Insight/ Emerging Media

Mobile Apps For The B2B Marketer: It's Not Just Fun And Games


by Kirsten Corbell
Account Director Strategy & Planning Group
Fullhouse Interactive


According to a recent Forrester report, 13 percent of information workers currently use smartphones for work at least weekly. And, the number of information workers using smartphones is predicted to escalate rapidly, hitting 34 percent by 2012. Based on the adoption rate, we believe smartphones will reach relatively widespread adoption over the next three-plus years.

So when is a mobile app relevant and what should B2B marketers consider as they weigh the options?
We look at apps in three unique categories: entertainment, brand butlers, and tools.

  • Entertainment -- It's pure brand engagement, fun and games -- and even in a business setting, it's still a way to escape from the daily grind.
  • Brand Butlers -- Branded apps that help end customers make the most of their daily lives and tasks.
  • Tools -- Pure "utility apps" that help internal audiences or customers do their jobs more efficiently and effectively.


Entertainment is certainly still a relevant consideration even for B2B branding and audience engagement. We've launched new apps in a trade show setting, as a branded game accessible in a "customer lounge" area. Then, to extend the experience further, marketers provided links to the app when following up with contacts and leads after the show. We also have several clients from large manufacturing facilities where plant tours and customer visits are common. Having branded games available in their customer center provides another branded activity as well as a fun, cutting-edge way to point out key product differentiators.

Brand butlers, a concept introduced by Trendwatchers several years ago, is now making its way into the app world. Brand butlers assist customers with tasks they already perform. Let's say your company sells construction products. Since weather is a critical aspect of a construction manager's daily life, is there another lens your brand could add to a weather report to make it more meaningful? A detailed wind report?  A recommendation for best time of day to perform a weather-dependent task?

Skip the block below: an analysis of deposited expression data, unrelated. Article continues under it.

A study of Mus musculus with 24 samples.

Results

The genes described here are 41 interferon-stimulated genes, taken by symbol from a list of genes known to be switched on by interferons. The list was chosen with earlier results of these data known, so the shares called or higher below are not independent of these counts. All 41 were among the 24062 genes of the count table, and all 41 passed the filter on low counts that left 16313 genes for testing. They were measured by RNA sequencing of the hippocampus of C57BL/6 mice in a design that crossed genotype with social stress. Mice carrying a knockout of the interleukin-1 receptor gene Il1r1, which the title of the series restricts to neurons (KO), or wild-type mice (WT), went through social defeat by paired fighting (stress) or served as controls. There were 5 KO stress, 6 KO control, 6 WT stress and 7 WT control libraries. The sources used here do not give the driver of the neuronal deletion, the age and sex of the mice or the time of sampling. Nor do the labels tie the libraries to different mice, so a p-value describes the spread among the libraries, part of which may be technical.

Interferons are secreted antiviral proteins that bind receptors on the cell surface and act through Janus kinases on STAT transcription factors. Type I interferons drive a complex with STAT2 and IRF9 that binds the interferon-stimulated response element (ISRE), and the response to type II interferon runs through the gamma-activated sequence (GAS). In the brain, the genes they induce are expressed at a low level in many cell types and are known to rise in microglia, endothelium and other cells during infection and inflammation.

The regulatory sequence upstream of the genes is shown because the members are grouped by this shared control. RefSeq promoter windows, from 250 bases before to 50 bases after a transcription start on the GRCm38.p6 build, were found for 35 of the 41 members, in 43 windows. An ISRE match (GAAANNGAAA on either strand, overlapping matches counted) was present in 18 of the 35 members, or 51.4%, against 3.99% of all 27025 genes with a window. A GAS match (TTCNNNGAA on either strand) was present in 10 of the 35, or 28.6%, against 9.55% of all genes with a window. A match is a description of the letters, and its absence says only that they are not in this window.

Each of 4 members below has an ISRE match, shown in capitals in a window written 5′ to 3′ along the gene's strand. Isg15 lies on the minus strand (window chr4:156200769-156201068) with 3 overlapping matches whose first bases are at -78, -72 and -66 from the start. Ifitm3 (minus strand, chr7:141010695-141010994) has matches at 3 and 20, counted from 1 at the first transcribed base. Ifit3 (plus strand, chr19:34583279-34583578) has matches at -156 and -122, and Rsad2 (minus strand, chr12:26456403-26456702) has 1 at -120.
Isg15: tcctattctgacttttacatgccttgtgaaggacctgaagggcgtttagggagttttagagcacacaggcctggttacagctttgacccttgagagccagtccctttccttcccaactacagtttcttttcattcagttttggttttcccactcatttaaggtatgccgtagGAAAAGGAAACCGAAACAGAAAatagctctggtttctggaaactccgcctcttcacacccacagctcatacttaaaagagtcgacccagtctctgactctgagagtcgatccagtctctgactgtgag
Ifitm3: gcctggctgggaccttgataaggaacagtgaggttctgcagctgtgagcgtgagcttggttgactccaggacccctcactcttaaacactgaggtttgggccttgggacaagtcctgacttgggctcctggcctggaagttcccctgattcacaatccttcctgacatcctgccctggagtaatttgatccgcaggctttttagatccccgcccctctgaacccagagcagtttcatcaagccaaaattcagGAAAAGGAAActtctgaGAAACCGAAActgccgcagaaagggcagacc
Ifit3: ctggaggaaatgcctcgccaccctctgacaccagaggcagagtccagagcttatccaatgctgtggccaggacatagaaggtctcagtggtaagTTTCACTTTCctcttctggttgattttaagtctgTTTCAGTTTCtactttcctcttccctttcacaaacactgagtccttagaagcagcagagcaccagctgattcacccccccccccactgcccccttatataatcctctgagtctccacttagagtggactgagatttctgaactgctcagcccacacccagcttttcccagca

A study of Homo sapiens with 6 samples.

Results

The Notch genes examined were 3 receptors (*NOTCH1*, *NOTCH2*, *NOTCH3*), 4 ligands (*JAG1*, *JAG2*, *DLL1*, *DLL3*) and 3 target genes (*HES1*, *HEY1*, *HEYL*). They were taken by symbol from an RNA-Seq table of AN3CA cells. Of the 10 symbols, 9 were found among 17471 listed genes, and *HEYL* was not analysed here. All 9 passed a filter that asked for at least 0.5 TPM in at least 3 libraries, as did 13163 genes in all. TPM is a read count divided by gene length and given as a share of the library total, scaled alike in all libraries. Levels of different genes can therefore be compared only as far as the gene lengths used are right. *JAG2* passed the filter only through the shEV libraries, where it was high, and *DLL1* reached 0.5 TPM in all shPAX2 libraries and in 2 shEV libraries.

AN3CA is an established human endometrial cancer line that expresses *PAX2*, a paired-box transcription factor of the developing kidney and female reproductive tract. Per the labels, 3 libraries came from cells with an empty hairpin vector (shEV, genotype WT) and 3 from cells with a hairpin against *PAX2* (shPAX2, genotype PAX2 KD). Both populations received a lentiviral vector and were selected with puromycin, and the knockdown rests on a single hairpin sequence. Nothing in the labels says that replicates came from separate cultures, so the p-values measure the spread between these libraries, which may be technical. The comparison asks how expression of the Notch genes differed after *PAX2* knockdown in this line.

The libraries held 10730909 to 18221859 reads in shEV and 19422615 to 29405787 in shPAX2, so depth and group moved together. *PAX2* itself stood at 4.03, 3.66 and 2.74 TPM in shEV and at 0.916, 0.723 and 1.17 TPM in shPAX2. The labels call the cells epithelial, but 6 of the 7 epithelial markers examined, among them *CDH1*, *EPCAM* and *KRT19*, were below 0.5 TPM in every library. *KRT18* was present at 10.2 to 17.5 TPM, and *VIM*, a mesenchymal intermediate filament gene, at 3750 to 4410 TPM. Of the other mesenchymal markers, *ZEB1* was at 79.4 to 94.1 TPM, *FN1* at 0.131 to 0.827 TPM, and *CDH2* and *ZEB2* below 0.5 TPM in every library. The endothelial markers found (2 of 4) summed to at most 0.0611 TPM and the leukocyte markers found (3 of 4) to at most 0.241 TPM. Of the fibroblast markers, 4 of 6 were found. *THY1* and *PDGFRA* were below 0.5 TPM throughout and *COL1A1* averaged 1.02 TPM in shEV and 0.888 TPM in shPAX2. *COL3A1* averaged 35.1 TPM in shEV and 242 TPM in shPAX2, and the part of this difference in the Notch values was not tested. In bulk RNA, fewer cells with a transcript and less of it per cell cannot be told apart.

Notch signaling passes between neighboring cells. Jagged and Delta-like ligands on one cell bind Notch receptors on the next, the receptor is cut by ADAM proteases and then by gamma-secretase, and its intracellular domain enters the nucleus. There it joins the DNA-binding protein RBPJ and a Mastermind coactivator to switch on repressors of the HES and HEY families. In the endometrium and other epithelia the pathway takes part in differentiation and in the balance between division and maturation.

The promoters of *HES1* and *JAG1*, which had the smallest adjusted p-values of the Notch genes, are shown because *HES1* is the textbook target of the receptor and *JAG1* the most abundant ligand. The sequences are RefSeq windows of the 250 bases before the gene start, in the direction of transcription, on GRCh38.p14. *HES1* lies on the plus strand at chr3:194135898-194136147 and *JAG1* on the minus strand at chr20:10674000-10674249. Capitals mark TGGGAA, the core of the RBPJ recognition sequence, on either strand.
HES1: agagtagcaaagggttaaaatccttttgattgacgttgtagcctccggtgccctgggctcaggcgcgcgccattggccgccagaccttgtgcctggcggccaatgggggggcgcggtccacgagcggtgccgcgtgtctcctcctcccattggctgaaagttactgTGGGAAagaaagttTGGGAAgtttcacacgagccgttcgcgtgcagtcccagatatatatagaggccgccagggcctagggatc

Lastly, let's look at apps purely as "tools." We're currently seeing the most growth and requests in this category. According to a recent Nielsen Pew survey, 26 percent of mobile app users are using apps for "productivity" purposes. Sales support and sales tool development is always high on the list for most marketing teams. Apps can be a quick and easy way for a mobile sales team to access relevant, real-time information. This might be related to product training, it might be sound bites for a sales call, or perhaps a better way for sales to gather and track client information during a sales visit. Mobile apps allow a sales team to access information remotely that likely exists in many other, less accessible formats.

What else do B2B marketers need to think about when considering an app?
It's our favorite agency question: "How much will that cost?" And our famous answer: "Well, it depends!" Let's look at some budget drivers to put things in perspective. The largest budget driver will be type (and number) of mobile platforms. As B2B marketers, you need to consider what device your customers are primarily using for business connectivity. With more than 250,000 apps and growing, the Apple iPhone has been one of the most popular destinations for apps. If you are considering a native app to be included in Apple's App Store, there are a host of other considerations around licensing and registration that will affect your cost. Google's Android is quickly gaining popularity and has shown significant expansion in market share in the last six months. RIM BlackBerry is still the most popular device among enterprise users and a likely destination for B2B apps. According to Nielsen, BlackBerry is the biggest smartphone player with a 35 percent share compared to 28 percent for Apple's iPhone and 13 percent for Android. Ultimately, understanding your target audience's phone preference and knowing how many platforms you design for will be a large budget driver.

Other questions to ask that will drive your budget:

  • Content -- Will you repurpose existing content, or develop content from scratch?
  • User Interface -- Increased expectations on ease of use and simplicity may require a focused investment in interface design, even if your content is relatively consistent.
  • Security and Integration -- Will the data and interaction be public or private? Will you need SSL or integration with other platforms like your CRM tool or Facebook page?


Clearly, the way information is being consumed and distributed is shifting drastically. Accessibility and ease of use need to be top of mind for marketers as they develop a channel strategy that spans today's range of desktop and mobile devices.


Kirsten Corbell has 15 years of experience in integrated marketing. She provides account and relationship management for a number of Fullhouse clients, including strategic planning and execution of integrated traditional and digital initiatives.